We’ve been working on finding the best people and organisations in the medical care industry and avoiding the people and organisations that are perhaps not the best for more than 12 years now, and easily the most important thing we’ve learnt in those 12 years is this – other things being equal, WE SHOULD ONLY USE THE PEOPLE AND ORGANISATIONS WHO ARE PREPARED TO PUT THINGS IN WRITING AND THOSE WHO ARE NOT PREPARED TO PUT THINGS IN WRTING SHOULD BE AVOIDED LIKE THE PLAGUE!!!.
This definitely applies to NSW GPs, but let us stress this – we’re not singling out NSW GPs in saying this, it applies to ALL people and organisations, it applies to garage mechanics, technology people, the “butcher, the baker, the candlestick maker,” as the old saying goes, everybody!
If only we, ourselves, had realised this years ago, our lives would have been so different and so much better!
Why? There are many reasons but the main one is that if people are prepared to put things in writing it means they’re prepared to stand by what they’ve said and/or done, and if they’re not prepared to put things in writing, it’s more than likely that they haven’t been sure themselves that what they’ve told you is right – that they’ve only been guessing! Or even that they’ve told you things that are wrong, because it makes them more money!!! of which we could give you examples.
How this applies to GPs is this. After you’ve had a face-to-face consultation with them, send them a letter along these lines – “In my face-to-face consultation with you, I understood you to say blah blah blah, blah blah blah, – have I left anything out?” And if they won’t provide you with at least a yes or no answer, avoid them like the plague.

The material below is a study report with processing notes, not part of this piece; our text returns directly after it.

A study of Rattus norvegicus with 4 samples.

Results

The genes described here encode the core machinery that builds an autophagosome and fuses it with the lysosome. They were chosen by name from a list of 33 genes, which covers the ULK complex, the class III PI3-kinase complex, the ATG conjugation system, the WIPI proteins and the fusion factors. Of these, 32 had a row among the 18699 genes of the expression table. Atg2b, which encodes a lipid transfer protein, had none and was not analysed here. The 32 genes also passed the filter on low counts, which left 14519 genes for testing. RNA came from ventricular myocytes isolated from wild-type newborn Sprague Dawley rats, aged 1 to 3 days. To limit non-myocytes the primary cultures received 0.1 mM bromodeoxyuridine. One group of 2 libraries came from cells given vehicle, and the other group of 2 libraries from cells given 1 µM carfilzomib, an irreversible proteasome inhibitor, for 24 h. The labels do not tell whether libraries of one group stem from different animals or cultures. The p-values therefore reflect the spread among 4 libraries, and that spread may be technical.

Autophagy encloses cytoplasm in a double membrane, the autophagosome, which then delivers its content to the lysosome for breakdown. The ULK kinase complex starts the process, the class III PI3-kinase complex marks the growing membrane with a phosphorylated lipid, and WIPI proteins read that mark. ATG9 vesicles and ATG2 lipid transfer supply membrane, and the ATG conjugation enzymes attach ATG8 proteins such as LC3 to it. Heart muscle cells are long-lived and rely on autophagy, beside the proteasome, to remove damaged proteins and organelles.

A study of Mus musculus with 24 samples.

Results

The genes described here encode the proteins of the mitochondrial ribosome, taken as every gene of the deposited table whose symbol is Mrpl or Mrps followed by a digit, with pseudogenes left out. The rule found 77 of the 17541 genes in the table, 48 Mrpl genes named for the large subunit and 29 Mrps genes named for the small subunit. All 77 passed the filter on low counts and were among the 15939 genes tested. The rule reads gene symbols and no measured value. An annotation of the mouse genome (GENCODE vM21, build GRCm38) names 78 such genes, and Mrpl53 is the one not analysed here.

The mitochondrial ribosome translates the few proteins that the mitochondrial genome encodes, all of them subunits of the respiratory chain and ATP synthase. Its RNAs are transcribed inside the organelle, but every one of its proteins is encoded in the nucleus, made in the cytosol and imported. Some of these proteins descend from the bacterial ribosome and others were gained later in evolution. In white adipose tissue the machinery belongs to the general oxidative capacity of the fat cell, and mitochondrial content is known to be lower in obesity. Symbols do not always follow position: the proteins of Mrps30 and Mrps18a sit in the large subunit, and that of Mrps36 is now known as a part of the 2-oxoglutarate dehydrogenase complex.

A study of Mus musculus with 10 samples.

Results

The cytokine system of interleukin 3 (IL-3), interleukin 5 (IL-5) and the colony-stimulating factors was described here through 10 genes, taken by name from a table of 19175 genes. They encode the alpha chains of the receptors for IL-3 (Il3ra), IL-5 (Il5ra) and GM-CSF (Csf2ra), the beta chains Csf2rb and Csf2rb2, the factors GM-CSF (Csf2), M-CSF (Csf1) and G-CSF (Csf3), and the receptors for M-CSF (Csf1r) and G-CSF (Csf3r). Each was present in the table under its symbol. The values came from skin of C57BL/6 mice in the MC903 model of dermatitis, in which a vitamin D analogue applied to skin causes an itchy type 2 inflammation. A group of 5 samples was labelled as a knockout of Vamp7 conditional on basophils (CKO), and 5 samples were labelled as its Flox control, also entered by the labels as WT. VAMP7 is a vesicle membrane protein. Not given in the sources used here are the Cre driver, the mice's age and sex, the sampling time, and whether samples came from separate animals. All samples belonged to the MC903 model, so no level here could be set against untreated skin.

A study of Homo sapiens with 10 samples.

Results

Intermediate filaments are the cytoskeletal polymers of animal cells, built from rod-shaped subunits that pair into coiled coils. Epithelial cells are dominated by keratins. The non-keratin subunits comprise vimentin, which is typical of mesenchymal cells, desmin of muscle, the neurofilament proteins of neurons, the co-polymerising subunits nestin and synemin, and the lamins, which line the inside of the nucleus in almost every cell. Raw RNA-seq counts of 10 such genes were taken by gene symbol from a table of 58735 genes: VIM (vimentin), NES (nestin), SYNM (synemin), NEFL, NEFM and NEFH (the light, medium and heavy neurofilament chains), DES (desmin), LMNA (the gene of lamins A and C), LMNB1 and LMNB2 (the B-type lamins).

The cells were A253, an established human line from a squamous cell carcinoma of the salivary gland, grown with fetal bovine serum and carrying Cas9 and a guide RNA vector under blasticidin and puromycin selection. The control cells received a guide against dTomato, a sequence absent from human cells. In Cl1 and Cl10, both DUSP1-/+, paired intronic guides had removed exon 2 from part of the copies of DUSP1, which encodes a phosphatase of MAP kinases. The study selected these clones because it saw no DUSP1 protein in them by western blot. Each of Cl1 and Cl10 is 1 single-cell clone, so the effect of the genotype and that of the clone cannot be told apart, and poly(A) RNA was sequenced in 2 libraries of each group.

We believe this also applies to NSW specialists. Of course, if you’ve seen a specialist on a referral by a GP, they will usually have put things in writing to the GP in a letter that’s available to you, but we still believe it’s better for you to send them a letter like the one we’ve described, so you’ve put questions in your own words.
Of course, if they’ve got an ordinary email address or even an email form, this makes sending them letters easy – but most NSW GPs don’t have of these. And often, even if they’ve only got a fax number, it’s more convenient to send a “snail mail” by Australia Post.
(Incidentally we believe that people and organisations that only have fax numbers and phone numbers in this day and age have to be joking! They aren’t for real! And also, incidentally, that there are lots of people and organisations out there, who, however you’ve sent them letters, even if they’ve got 10 ordinary email addresses and you’ve used them all, they will swear until they’re black and blue in the face that they never got them = and, of course, Sue Dawson, and her people at the NSW Health Care Complaints Commission will believe them and not you.)
Unfortunately, it seems to us that 20 or 30 or 40% of the time – of course, we’re only guessing – NSW GPs are telling patients things that even they are not sure are true. But, even if it’s 5% or even 2%, it’s your life and welfare that’s at stake – not theirs.